The word ‘translate’ means to bring words from one language to another. So you might think that the Open Translation Project — TED’s globe-spanning initiative to bring the ideas from talks beyond the English-speaking world — would only need volunteers who speak multiple languages. But being bilingual is not a necessity. The OTP needs single-language speakers — yes, even those who speak English — to help in the process of transcribing TEDx talks.
See, before a talk can be translated, it must be transcribed: Someone who speaks the same language as the speaker must watch the talk and type out what is said, using custom software from the open-source initiative Amara. (And no, the auto-generated YouTube titles are often not good enough to use.) More than 26,000 TEDx talks — most of them given in English — are available for transcription. There’s also a chance to help with TEDx talks given in another language — as they go through the translation process, English speakers can review the work of other volunteer translators, to make sure that grammar and style is consistent with English-language rules.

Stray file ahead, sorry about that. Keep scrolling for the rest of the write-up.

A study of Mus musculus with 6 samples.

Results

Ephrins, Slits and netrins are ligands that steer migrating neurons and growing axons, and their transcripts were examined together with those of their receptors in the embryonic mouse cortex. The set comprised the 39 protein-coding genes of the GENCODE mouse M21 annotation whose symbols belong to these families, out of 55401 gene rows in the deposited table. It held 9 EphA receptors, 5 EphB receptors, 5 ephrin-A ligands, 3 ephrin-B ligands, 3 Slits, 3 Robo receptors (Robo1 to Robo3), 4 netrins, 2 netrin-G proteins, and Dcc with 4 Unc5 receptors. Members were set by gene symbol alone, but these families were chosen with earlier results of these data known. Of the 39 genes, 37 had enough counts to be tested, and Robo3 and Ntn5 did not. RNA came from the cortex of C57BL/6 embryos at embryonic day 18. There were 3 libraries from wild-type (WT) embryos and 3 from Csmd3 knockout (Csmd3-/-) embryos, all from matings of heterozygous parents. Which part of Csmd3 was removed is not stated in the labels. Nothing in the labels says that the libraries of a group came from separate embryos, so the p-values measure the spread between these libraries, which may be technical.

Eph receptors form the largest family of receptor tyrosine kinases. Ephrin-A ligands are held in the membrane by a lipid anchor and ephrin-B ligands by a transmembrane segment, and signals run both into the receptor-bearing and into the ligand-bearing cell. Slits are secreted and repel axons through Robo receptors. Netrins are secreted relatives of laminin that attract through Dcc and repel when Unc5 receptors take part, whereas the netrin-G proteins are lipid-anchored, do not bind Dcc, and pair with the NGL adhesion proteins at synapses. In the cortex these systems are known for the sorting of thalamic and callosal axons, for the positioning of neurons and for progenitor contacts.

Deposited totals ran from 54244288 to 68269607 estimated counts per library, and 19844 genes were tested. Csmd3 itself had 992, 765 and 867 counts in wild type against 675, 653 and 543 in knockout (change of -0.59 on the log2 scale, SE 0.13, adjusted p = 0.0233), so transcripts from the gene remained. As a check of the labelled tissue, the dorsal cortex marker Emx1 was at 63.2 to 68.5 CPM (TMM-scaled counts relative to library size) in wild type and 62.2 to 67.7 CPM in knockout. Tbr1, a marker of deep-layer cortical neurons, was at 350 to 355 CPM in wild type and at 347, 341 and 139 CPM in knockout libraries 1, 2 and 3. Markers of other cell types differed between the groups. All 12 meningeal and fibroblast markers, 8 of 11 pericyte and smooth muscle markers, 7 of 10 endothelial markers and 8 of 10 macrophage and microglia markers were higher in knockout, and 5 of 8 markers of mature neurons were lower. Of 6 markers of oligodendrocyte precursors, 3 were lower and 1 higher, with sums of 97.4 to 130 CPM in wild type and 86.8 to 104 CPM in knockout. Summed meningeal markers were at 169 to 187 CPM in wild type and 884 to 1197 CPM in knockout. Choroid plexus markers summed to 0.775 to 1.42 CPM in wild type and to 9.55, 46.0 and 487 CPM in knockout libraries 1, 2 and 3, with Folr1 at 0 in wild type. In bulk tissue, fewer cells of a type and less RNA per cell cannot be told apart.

Ivana Korom, our OTP/TEDx Liaison, stresses how much English speakers can help. “The transcript is the most important part of translating,” she says. “Talks reach millions of viewers, but with transcripts, it’s possible to reach an even wider audience — the deaf and the hard of hearing. Also, people aren’t often confident enough to just translate by hearing, so the written transcript provides an accurate baseline that makes it easier to translate accurately.”
The review process is also vital. She explains, “If more volunteers apply to review English translations from other languages, they will help bring ideas from all parts of the world into the English speaking world.”
Want to apply to help the OTP? The video below will walk you through how to do this, step by step. And from there, happy transcribing.